Issues in Natural Medicine -
Freedom of Choice


Current concerns in natural medicine are both technical, in terms of the availability and use of treatments; and regulatory, in terms of legislative reforms affecting the provision of health care, and facilitating choice and insurance coverage of individuals seeking treatment. Recent developments aimed at empowering specific groups of specialists require particular attention. Doctors of Traditional Natural Medicine respect boundaries in health care and do not condone the practice of so-called "medicalized naturopaths," who are actually allopaths practising under the guise of Natural Medicine.

Health freedom is about consumer choice, expanding the scope of existing practice laws, and obtaining holistic insurance coverage. Regulating "naturopathy" restricts access to trained holistic consultants. Inferior medical attention is not synonymous with natural health or common sense healthcare reform.

Legislating the licensing of "Modern naturopathic physicians" (NP's) and dietitians, for example, will detract from the quality and affordability of health care. In the United States, dieticians and NP's are pursuing licensure on a state-by-state basis in order to monopolize the fields of nutrition and natural medicine, respectively. Advocates of traditional naturopathy and traditional natural medicine oppose licensure for the following reasons:

· Modern Naturopathic Doctors and physicians seek the status of primary care physicians through licensure, and they mix naturopathic and allopathic medicine, without sufficient medical training, hospital experience, or trauma education.

· Dietitians seek the status of nutrition counselors without sufficient education in holistic nutrition.

· Modern Naturopathic Doctors, physicians and dietitians advocate diagnostic care, while traditional naturopaths (Doctors of Natural Medicine) and holistic nutrition counselors emphasize healthy lifestyle choices and wellness care.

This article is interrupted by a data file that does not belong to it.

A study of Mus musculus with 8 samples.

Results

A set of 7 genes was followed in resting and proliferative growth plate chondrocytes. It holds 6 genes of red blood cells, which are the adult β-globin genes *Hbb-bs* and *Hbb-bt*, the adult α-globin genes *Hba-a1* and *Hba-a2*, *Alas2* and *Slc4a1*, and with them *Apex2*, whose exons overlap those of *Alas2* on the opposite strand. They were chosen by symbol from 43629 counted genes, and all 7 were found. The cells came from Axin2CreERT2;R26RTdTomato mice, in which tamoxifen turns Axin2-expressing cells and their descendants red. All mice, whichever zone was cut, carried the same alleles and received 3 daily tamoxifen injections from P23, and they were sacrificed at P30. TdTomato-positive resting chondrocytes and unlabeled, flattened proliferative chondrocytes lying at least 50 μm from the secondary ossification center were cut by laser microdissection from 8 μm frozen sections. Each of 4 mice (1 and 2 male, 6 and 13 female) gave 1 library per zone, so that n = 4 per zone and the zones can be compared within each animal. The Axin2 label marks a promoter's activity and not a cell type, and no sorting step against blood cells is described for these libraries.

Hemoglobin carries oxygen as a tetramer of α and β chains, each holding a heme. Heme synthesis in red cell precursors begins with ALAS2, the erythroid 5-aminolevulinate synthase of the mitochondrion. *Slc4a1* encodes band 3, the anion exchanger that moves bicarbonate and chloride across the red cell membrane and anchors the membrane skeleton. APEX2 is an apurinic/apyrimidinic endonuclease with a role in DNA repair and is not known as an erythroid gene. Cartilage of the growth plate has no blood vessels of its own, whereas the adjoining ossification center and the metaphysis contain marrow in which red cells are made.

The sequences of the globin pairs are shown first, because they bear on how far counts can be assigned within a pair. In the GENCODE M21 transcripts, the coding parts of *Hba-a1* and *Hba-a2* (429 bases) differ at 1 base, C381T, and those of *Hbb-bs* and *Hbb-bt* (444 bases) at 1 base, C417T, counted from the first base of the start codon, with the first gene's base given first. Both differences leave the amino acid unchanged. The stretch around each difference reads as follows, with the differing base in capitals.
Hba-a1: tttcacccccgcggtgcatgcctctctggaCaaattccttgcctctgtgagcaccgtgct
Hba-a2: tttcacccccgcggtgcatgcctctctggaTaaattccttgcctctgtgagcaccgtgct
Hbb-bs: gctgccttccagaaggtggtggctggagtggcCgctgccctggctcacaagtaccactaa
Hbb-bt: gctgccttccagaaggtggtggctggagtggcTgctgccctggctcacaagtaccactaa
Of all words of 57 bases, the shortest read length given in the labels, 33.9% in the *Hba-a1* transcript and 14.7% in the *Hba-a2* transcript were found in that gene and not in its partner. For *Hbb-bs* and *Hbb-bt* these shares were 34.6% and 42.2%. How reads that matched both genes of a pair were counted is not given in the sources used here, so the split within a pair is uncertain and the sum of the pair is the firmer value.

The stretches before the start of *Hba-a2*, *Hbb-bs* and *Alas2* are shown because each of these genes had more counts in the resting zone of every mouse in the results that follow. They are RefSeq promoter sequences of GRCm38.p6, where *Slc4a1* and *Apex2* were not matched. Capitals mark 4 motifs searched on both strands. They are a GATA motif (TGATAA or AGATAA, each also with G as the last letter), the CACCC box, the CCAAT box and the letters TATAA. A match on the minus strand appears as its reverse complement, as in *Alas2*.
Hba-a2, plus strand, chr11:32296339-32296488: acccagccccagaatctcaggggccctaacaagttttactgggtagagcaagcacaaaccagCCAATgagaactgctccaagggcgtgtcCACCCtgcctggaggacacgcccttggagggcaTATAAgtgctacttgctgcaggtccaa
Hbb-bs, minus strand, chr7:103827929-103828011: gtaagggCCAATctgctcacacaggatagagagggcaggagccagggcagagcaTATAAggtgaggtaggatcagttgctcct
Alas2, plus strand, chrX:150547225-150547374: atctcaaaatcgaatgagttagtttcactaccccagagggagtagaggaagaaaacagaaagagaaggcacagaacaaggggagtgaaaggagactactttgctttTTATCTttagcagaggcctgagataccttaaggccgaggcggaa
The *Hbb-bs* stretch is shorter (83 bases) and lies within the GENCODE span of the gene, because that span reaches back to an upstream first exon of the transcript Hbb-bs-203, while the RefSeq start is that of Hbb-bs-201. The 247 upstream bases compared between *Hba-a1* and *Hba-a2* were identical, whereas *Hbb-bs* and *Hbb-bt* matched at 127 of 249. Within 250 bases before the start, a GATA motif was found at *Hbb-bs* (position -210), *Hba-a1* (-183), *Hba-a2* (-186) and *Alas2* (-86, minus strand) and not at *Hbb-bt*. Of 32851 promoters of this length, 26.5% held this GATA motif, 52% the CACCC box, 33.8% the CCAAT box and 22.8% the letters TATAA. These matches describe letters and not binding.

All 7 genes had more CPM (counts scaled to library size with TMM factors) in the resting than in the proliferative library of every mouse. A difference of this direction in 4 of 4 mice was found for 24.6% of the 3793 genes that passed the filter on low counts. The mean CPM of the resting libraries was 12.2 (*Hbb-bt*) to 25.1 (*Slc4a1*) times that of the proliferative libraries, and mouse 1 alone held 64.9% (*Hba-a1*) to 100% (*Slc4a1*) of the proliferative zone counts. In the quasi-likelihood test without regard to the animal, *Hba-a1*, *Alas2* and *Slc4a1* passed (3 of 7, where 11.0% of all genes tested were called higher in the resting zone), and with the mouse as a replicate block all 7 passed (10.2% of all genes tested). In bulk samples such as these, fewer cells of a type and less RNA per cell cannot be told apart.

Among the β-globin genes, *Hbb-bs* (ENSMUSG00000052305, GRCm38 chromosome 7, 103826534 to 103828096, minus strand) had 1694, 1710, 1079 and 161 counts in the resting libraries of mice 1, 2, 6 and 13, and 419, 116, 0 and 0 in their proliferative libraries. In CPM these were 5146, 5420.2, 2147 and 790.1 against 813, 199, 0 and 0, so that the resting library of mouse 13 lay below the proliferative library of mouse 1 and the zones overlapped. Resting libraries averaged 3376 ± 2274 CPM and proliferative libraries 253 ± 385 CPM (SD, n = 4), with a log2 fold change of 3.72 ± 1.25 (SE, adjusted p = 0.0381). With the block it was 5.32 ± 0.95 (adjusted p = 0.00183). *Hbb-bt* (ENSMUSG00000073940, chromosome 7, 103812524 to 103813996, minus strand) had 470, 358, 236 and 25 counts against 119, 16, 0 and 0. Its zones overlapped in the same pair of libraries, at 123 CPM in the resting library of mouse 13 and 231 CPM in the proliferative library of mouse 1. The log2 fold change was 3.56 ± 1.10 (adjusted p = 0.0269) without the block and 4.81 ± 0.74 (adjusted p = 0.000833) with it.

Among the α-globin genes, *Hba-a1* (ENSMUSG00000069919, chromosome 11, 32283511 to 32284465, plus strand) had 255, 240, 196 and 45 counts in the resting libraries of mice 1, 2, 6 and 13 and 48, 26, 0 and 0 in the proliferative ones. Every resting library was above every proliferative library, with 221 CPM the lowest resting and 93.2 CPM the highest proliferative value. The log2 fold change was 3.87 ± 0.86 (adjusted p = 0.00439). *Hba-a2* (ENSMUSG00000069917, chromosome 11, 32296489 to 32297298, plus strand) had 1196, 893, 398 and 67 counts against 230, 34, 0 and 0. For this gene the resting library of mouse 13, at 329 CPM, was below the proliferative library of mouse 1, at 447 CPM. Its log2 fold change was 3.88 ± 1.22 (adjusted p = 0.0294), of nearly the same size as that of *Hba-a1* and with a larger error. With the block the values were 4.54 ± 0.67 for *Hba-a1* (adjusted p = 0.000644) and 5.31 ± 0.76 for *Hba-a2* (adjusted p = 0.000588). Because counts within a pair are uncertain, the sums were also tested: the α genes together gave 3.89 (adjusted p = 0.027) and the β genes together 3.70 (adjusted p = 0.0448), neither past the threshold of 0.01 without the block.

· Consumers will no longer have access to traditional natural medicine consultants. Choices will be increasingly limited to special interest groups and low-tech, insufficiently-trained medical doctors.

· Licensing dietitians as nutrition counselors will severely limit public access to personal choices such as macrobiotic foods, vegetarianism, organic and whole foods diets, and Ayurvedic nutrition.

It is in the public interest to clarify both the standards of training of these professionals, and their commitment to a philosophy of natural healing. A Natural Medicine education is accredited academically, not by the medical profession and their accrediting body, the American Medical Association's Liaison Committee on Medical Education (LCME). Elevating Modern Naturopaths to primary care status will distort the practice and philosophy of true natural healing, and will increase the cost of consultation and natural substances to that of conventional medical pricing. In the absence of clear advocacy on their behalf, licensing makes the practices of traditional natural medicine and holistic nutritional counselling illegal. BDNMP-NA continues to advocate on behalf of Doctors and Practitioners of Natural Medicine.